Saturday, April 5, 2014

Put some fun in your run

Linda enjoying the trail run, central Thailand
photo: probably Ragan Crowell
Spring is (finally) appearing in the U.S.A. and elsewhere in the northern hemisphere, and you see more and more people heading outdoors to exercise.

It's definitely more interesting to advance forward down a street or trail than pretend you are going forward on a treadmill or eliptical trainer.

Even that little workout screen in the gym that displays your distance, speed, and calories burned can't compete with actually passing real trees, statues, and other landmarks.

So maybe you should hire your son as a personal trainer.

According to a recent Canadian study, kids have a fitness philosophy that many adults might try to emulate. It's called FUN.

yes!  photo:  Funny Fun
As we get older, for some that thrill of riding or running fast, jumping high, whacking a ball, or dancing crazy is replaced by guilt and the determination to keep going to burn off those extra calories.

The dedication to excellence makes others complete that last set of push-ups, squats, or sprints or those last 2 laps of the pool or track.

In each case, we may have impressive dedication but a greater tendency to burn out. Willpower is essential to improvement but it's a limited commodity.

For you runners, be reminded of all the intangible benefits of your sport and have a giggle at the same time reading why running doesn't suck.

The Canada study found that being motivated by something outside the pure physical benefits makes exercise more enjoyable and more likely something you will stick with. Study author Dr. James Gavin of Concordia University says that " wouldn’t do things like play soccer, skateboard, or ride their bikes if it wasn’t fun.”

keeping fun in the game
photo: YouthSportPsychology

It works the same for adults: Gavin suggests that our the more internal reasons we have to motivate ourselves to do a particular activity, the more likely we will continue with it. And just as parents should keep sports fun for their kids, we should remember to do the same for ourselves:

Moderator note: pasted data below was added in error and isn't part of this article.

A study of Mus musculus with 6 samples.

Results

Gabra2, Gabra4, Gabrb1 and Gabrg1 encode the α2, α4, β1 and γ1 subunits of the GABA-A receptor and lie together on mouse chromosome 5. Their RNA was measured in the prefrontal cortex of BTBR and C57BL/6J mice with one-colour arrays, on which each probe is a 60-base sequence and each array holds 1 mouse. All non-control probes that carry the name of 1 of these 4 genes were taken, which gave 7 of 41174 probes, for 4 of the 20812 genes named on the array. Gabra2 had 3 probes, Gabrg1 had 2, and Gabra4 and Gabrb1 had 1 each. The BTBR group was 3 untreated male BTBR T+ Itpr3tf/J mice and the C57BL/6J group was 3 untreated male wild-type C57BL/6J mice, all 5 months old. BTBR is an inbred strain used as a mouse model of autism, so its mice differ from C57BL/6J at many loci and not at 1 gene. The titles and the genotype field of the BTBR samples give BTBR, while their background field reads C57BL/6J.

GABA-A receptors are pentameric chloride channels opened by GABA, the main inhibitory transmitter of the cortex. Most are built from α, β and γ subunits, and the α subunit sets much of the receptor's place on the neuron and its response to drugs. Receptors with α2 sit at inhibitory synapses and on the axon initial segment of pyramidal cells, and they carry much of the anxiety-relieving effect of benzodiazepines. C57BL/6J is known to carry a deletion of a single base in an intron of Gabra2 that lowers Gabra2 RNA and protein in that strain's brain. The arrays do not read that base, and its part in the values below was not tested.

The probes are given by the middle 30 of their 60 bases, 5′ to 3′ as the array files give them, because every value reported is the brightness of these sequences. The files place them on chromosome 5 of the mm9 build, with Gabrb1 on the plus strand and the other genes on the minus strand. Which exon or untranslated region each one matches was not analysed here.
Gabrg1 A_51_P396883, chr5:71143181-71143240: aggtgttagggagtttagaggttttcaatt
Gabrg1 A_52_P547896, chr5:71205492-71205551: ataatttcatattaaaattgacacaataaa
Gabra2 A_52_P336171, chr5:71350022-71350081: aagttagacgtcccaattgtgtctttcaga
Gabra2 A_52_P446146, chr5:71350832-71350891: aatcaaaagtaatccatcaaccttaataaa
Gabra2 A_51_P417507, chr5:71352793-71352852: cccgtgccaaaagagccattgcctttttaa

• keep realistic expectations
  • don't compare yourself to others
  • enjoy how your competition pushes you to improve
  • try new things - new techniques, new dance steps, new running distances, new position on the team
  • laugh at mistakes (if you can)
  • don't overanalyze a game, race, or workout
  • remember the bigger picture (i.e. if winning is the only fun you get from sports, you will definitely be disappointed some times!)
  • enjoy and congratulate your workout partners, teammates, competitors - you know you have a lot in common!

add a backwalkover to your jumproping
photo: Mike Christy, Arizona Daily Star
You can bring back your inner kid by trying new things, even at your normal workout.

Exercise study participants at the University of Florida were split into three groups—one that varied its workouts, one that did the same thing every time, and one with no regulations—those who experimented enjoyed exercising 20% more than everyone else.

That may be the secret behind the popularity of circuit training (HIIT, boot camps, etc), each with a variety of exercises that keep you guessing without getting bored!


  1. This is why playing sports is a great way to stay in shape - running sucks, lifting is boring - but playing basketball is FUN* :)

    (*several responses from knees were discarded in the preparation of this statement)

  2. Agreed! (and a big Like re: the knees possibly protesting more basketball practice!).